Operators of swap execution facilities (SEFs) in the US are seeking to leverage operations ahead of final rules for equivalent platforms in Europe, as preparations for the new world order of OTC derivatives trading intensifies.
Intercontinental Exchange (ICE) has announced it is registering an multilateral trading facility (MTF) in Europe at the same time as registering to operate a SEF.
The markets operator hopes that by launching an MTF now, it will gain a head start when Europe introduces SEF-like platform to facilitate swaps trading know as organised trading facilities (OTFs).
Chris McEntree, director of corporate development at ICE, said: “While regulation has been lagging in Europe compared to the US, we’re registering as an MTF with the same ICE Swap Trade branding as our SEF, and begin operating this within the European regulatory environment so we can start to get ready for the changes in Europe.”
However, the Wholesale Markets Brokers’ Association’s (WMBA) chairman, David Clark, was doubtful over whether US firms operating SEFs would gain a significant advantage when OTFs launch.
“Right now there is little evidence that OTFs will be significantly SEF-like. Decisive trialogues will take place in Brussels and it is unlikely that OTFs will be a direct read-over of the US legislation surrounding SEFs,” he said.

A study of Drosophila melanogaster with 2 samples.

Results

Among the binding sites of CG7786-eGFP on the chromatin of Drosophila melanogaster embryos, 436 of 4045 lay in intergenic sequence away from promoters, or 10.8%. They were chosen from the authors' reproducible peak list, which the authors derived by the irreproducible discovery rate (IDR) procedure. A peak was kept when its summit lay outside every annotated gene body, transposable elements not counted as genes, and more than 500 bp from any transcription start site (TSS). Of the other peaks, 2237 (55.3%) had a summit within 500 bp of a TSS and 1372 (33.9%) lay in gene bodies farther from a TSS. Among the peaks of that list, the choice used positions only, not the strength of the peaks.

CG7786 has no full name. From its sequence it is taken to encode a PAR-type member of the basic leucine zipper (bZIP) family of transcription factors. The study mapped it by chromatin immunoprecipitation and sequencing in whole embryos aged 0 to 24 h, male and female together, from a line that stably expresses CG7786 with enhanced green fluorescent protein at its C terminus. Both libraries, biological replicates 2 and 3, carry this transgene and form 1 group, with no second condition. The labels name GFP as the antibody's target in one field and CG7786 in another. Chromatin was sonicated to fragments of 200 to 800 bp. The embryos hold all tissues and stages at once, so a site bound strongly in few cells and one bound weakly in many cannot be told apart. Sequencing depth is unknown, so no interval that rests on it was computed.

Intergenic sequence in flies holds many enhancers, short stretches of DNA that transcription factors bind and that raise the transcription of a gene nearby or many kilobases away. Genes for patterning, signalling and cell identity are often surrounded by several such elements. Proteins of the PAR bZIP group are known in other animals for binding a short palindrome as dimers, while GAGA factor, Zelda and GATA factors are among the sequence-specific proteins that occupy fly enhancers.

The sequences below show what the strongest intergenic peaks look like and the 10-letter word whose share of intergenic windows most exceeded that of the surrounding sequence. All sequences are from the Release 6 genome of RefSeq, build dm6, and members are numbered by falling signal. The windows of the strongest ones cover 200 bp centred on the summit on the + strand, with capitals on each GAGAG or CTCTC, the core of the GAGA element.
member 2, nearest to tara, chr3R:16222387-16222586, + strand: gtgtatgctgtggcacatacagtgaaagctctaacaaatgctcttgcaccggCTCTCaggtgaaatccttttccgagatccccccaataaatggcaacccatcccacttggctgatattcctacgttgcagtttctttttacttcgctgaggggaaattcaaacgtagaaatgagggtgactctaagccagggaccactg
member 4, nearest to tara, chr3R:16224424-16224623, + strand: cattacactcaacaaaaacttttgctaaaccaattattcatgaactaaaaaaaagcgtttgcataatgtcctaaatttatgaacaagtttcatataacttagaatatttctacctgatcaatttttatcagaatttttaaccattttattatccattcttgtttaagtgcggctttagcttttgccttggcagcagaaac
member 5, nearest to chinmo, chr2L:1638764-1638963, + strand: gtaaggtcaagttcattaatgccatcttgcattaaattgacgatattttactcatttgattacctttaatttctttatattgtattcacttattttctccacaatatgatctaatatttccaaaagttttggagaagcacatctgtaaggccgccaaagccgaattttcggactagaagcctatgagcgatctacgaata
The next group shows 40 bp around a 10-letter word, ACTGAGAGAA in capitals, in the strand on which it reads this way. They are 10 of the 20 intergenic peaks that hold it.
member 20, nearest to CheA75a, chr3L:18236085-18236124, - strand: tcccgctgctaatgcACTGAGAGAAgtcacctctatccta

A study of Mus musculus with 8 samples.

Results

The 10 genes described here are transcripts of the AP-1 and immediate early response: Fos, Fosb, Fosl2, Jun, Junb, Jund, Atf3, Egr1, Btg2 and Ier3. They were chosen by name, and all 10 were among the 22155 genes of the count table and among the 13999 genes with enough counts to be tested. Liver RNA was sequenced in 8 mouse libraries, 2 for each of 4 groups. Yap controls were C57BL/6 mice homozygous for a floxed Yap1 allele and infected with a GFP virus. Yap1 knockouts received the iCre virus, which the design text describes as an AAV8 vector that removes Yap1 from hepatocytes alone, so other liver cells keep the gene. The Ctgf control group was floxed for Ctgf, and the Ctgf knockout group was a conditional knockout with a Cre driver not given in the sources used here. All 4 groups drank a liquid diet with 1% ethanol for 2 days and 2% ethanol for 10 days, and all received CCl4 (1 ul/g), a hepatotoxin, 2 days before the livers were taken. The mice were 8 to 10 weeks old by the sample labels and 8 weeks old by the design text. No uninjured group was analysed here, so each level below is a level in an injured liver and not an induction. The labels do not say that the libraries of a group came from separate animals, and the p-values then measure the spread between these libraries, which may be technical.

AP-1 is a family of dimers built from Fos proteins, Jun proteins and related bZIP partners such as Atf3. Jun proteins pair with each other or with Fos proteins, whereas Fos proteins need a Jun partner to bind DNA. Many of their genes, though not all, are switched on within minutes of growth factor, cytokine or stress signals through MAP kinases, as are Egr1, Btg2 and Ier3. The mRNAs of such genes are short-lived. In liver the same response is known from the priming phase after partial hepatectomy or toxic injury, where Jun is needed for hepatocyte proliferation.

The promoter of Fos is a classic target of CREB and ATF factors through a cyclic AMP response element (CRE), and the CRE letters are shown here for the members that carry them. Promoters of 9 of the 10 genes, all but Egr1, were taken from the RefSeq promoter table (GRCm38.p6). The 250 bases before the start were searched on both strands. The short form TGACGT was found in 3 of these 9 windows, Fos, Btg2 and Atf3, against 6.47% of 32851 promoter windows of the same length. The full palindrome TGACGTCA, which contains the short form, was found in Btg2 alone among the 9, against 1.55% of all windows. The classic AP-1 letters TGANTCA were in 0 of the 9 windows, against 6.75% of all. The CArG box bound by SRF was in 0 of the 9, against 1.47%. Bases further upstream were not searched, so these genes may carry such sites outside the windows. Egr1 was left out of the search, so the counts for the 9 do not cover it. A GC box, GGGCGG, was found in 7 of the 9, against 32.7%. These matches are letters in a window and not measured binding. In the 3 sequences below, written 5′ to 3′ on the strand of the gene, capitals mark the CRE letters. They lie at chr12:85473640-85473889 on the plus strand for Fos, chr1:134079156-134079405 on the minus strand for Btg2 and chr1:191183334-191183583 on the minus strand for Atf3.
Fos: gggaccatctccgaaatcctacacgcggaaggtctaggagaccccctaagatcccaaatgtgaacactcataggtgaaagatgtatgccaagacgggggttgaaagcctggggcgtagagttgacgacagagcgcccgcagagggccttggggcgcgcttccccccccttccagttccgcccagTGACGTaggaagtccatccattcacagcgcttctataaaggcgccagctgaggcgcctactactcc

Aside from branding and regulation, ICE also said it will be able to learn from its experiences in operating the technology behind a SEF and be able to leverage this when OTFs arrive.
McEntree adds: “By launching ICE Swap Trade as a SEF and also an MTF, we will be able to start setting up and tuning the infrastructure behind that in order to be ready for when European regulation catches up.”
Both OTFs and SEFs are intended to facilitate the trading of OTC derivatives electronically and multilaterally. However, there are key differences between the two, with OTFs also potentially enabling the trade not just swaps, but equities, commodities and other derivatives contracts.
“US legislation is a long way ahead of the EU but already we can see that OTFs and SEFs are not the same. For example, OTFs will contain products that will be traded both OTC and those mandated into clearing. I don’t think that operating a SEF will automatically mean you are ready to start running an OTF,” said Clark.
While ICE is looking to extend its SEF development into Europe, some European firms are also looking to launch SEFs in the US, though this has received little attention due to the Commodities and Futures Trading Commission failing to specify whether the rules were limited to US businesses. Even the Commission’s SEF application form does not ask which country a firm is based in, presuming they will be domiciled in the US.
One such firm is France-based RFQ Hub, which is planning to run a SEF. Its CEO, David Sagnier, said: “We spoke to the CFTC and they confirmed that non-US companies can register as a SEF. They also agreed that we would not need to open a US branch in order to apply.”
Including ICE, so far 10 firms have applied to operate SEFs, with Bloomberg being the first to receive provisional authorisation from the CFTC. Final European regulation on OTFs is not expected until 2014 but could be pushed back to 2015 or later, according to market experts.